The Massachusetts Public Records Law


Laws mandating the disclosure of public records have existed in the Commonwealth of Massachusetts since 1851. The federal Freedom of Information Act was signed into law in 1966 by President Lyndon B. Johnson. In 1974, Congress amended the federal Freedom of Information Act in order to make government records more accessible to the public. (Bill Galvin, MA Sec of State)

The Massachusetts Public Records Law provides the public one tool to use to try and insure transparency in Gov’t.

Below are some of the highlights of the Sec of States Guide to public records

What records are public?
Every record that is made or received by a government entity or employee is presumed to be a public record unless a specific statutory exemption permits or requires it to be withheld in whole or in part.
Specific statutory exemptions have been created by the legislature. These exemptions, which are discretionary to the records custodian, allow the records custodian to withhold a record from the general public.
The exemptions to the Public Records Law are described in this guide. If a records custodian claims an exemption and withholds a record, the records custodian has the burden of showing how the exemption applies to the record and why it should be withheld.

How do I obtain copies of public records?
To obtain a copy of a record, you must make a request to the state or local records custodian of the record. For example, if you wish to obtain a copy of the minutes of an open meeting, you should direct your request to the records custodian of that board. Similarly, a request for a copy of a police daily log should be made to the police department that created the log.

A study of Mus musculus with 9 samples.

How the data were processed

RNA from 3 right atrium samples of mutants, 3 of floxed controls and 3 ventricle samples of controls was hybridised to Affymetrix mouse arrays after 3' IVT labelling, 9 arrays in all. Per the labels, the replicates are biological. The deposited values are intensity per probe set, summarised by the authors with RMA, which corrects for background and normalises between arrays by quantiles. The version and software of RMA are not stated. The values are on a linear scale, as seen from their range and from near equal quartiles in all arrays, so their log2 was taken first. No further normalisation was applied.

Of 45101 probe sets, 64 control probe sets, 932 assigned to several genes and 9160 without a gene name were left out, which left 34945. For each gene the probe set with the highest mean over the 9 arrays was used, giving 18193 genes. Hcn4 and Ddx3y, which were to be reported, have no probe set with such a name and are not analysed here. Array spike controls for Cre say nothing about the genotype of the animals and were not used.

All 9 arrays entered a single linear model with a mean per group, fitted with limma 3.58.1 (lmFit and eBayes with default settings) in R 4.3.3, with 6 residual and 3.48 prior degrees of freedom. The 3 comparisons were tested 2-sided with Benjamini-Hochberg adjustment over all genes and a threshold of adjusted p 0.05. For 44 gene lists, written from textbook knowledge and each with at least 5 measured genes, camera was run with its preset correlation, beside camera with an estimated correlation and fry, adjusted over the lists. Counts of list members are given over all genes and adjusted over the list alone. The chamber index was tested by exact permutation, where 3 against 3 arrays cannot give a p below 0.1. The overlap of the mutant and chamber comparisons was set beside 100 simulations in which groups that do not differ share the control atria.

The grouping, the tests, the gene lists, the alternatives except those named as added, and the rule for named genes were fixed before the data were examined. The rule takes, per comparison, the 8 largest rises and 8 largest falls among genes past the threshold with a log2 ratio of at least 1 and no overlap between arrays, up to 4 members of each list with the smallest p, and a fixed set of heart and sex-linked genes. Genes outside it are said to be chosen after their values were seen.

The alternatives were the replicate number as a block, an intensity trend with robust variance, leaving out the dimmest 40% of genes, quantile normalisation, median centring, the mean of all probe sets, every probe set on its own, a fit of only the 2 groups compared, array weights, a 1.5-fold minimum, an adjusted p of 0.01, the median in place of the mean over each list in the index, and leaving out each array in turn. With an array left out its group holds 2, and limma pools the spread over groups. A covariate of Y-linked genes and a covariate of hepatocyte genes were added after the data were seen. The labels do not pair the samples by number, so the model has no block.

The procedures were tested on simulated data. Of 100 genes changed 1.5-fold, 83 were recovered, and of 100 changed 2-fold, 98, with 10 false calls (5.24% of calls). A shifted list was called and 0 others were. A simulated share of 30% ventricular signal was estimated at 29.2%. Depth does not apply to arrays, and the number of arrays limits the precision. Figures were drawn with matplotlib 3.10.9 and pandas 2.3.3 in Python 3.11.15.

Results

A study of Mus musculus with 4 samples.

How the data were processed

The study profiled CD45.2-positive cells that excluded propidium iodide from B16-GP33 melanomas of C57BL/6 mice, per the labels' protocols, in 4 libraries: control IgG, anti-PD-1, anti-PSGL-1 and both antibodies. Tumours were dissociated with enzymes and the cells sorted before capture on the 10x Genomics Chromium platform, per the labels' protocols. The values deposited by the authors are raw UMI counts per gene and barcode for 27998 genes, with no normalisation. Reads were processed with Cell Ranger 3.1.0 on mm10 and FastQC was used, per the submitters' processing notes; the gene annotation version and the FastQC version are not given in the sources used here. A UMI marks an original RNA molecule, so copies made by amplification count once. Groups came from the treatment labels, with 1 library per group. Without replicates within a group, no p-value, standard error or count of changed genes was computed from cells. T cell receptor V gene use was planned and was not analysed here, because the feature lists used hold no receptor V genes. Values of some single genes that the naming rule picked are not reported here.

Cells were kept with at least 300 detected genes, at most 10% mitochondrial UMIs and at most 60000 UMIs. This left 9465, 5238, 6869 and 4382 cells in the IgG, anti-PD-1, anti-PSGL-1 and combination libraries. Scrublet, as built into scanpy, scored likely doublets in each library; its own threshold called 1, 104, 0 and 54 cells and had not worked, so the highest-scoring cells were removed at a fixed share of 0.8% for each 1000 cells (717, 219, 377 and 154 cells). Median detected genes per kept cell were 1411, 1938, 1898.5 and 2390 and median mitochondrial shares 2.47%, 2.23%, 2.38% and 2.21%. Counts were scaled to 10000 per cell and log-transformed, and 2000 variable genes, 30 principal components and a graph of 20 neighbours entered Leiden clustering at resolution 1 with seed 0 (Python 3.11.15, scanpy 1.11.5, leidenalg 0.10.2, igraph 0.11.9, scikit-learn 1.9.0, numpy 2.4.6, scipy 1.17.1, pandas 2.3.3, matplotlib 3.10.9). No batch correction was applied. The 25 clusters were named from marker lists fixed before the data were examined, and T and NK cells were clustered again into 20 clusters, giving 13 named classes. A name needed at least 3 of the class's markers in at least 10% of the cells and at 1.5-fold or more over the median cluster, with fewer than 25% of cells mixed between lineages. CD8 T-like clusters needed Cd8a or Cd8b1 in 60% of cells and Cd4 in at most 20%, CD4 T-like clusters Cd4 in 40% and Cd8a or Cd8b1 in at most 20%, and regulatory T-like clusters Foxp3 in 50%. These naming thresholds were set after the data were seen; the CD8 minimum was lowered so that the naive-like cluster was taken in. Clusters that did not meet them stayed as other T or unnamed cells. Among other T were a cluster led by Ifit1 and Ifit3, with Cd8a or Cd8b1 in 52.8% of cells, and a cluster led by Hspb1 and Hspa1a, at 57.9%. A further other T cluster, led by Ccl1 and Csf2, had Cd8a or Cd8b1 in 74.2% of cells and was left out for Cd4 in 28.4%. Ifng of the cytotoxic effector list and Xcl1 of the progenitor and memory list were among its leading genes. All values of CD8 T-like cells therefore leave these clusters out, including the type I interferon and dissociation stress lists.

How must a records custodian respond to my request for records?
A records custodian’s response must be in writing. The response must include a good faith estimate of any cost of providing the record. The response must also include a specific exemption to the Public Records Law to justify the denial of access to any record.

Does the Public Records Law apply to email and other computer records?
The Public Records Law applies to all government records generated, received or maintained electronically, including computer records, electronic mail, video and audiotapes.

Is a requester required to disclose the intended use of the public record requested?
With the possible exception of situations where the records custodian is anticipating the withholding of records pursuant to Exemption (n) of the Public Records Law, a records custodian may not ask a requester the reason for the request or the intended use of the requested records.3

Are records custodians required to forward a request for records not in their possession?

Records custodians must use their superior knowledge to ensure that a request for records is delivered to the appropriate party. A large public records request may include items for which the custodian is not responsible. It is in the public interest for the custodian to forward such requests to the appropriate parties in responding to a public records request.